Diamond is a metastable allotrope of carbon, where the carbon atoms are arranged in a variation of the face-centered cubic crystal structure called a diamond lattice.
Diamond is less stable than graphite, but the conversion rate from diamond to graphite is negligible at standard conditions.
Diamond is renowned as a material with superlative physical qualities, most of which originate from the strong covalent bonding between its atoms. In particular, diamond has the highest hardness and thermal conductivity of any bulk material. Those properties determine the major industrial application of diamond in cutting and polishing tools and the scientific applications in diamond knives and diamond anvil cells. Because of its extremely rigid lattice..
it can be contaminated by very few types of impurities, such as boron and nitrogen. Small amounts of defects or impurities (about one per million of lattice atoms) color diamond blue (boron), yellow (nitrogen), brown (lattice defects), green (radiation exposure), purple, pink, orange or red. Diamond also has relatively high optical dispersion (ability to disperse light of different colors).
With fewer imperfections within the stone, the diamond is more rare and has a higher value. The clarity scale was developed by the Gemological Institute of America (GIA) to quantify these imperfections. The American Gem Society (AGS) uses the same standards as the GIA; however, the AGS uses a numerical system where "0" is the cleanest (GIA "IF") and "10" is the most imperfect (GIA "I3").
All diamonds are systematically graded and plotted under 10X magnification. If a trained grader cannot see a clarity characteristic at 10X, it does not affect the clarity grade.
Diamonds come in a variety of colors, some of them highly prized (pinks, blues, even yellow). However in a white diamond, the presence of a yellow tint will lower the price of a diamond. The less body color in a white diamond, the more true color it will reflect, and thus the greater its value.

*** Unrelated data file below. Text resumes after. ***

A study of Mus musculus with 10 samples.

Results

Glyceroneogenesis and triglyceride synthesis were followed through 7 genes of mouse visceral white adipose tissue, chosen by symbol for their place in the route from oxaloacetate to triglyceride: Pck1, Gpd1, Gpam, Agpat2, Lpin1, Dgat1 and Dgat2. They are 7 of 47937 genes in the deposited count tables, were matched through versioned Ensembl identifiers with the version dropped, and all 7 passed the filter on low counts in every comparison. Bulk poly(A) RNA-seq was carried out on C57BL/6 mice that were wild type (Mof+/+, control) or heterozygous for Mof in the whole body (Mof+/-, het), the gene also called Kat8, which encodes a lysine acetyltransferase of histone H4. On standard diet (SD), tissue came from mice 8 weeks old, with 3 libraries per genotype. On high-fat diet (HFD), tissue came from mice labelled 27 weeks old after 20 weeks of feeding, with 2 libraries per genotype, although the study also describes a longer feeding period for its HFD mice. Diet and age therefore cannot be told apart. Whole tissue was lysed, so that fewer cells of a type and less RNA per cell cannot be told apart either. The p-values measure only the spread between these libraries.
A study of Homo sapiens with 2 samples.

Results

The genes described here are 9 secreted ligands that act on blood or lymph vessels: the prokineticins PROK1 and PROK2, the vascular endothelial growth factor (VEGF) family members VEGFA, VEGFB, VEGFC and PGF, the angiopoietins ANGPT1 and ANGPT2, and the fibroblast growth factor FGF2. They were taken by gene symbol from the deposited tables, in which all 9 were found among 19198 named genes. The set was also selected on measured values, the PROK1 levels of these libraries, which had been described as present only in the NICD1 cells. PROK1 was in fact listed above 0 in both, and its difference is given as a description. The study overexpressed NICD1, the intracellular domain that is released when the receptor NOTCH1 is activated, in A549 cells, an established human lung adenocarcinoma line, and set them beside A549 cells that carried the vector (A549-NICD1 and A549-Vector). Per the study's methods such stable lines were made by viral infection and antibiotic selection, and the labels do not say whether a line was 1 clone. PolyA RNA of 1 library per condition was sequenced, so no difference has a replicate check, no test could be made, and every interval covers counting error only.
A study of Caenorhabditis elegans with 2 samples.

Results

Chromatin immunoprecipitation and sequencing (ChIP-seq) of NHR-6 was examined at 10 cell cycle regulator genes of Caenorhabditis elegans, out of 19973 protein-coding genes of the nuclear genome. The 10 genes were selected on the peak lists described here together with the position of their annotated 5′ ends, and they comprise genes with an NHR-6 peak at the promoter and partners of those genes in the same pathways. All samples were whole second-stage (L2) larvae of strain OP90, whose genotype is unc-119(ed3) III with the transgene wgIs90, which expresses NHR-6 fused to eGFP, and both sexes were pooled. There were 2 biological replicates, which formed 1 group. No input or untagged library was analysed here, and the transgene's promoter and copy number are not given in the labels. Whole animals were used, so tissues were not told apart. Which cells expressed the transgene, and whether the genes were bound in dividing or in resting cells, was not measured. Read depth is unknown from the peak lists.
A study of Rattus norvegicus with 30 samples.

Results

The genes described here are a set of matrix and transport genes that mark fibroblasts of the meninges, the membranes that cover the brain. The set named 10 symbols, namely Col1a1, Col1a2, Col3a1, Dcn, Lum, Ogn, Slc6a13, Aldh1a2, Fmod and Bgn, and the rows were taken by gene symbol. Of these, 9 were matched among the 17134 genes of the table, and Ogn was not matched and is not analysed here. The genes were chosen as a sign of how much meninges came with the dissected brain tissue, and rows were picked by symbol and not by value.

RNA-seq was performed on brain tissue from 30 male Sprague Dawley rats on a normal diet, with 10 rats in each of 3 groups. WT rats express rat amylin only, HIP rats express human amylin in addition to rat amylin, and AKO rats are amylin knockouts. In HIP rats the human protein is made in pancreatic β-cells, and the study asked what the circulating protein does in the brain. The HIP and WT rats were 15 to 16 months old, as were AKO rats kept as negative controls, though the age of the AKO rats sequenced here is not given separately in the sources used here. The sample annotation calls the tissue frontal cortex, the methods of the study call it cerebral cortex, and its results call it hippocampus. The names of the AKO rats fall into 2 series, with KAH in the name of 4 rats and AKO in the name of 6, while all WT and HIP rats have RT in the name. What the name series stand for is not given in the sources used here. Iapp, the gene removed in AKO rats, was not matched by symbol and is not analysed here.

Every Lumera Diamond has been assigned a color grade by the GIA in a viewing environment specially designed to eliminate color from surrounding surfaces as well as the light source itself.
This allows the color of the diamond to be accurately measured. Minor differences in diamond color detected in this environment are very difficult if not impossible to detect in a normal environment. The diamond industry has adopted the GIA diamond color scale; almost every diamond sold today is rated using the GIA color scale, whether it was actually certified by the GIA or not.
Cut refers not to a diamond's shape (e.g. round, oval, pear, etc.) but to a diamond's proportions, symmetry and polish.
The beauty of a diamond depends more on cut than any other factor. Though extremely difficult to analyze and quantify, diamond cut has three primary effects on appearance: brilliance (the brightness created by the combination of all the white light reflections from the surface and the inside of a polished diamond), fire (the dispersion of light into the colors of the visible spectrum, seen as flashes of color), and scintillation (the flashes of light and dark, or sparkle, when a diamond or light source is moved).
When a diamond is fashioned from a rough stone, the cutter must balance optimal cut (and therefore appearance) against maximum yield (cutting the diamond to maintain as much carat weight from the rough stone as possible). Because many customers are willing to pay more for a larger, fair-cut cut diamond than for a slightly smaller, well-cut diamond, there is pressure on the cutter to sacrifice appearance for weight. This is why the Cut grade is so important; it allows the purchaser to identify those stones that were cut Fair to Poor in an effort to gain carat weight.
Symmetry refers to how precisely the various facets of a diamond align and intersect. This can include extra or misshapen facets, off center culets and tables, and wavy girdles.
A diamond with poor symmetry may misdirect light that travels into the diamond, sending it off at slightly wrong angles, and thereby reducing the diamond's brilliance. Often, a diamond cutter will purposefully allow a minor reduction in symmetry as a way of preventing a defect present in the rough stone from being retained as part of the finished diamond.
For diamonds with a symmetry grade of Excellent to Good, symmetry should not be used as a primary factor in choosing a diamond, since each of these grades is possible in diamonds of exceptional appearance.
Symmetry is more important in diamonds of VVS2 Clarity and higher, since the very subtle defects produced by Fair or Poor symmetry (which can resemble pinpoint inclusions) would compromise the diamond's otherwise flawless appearance.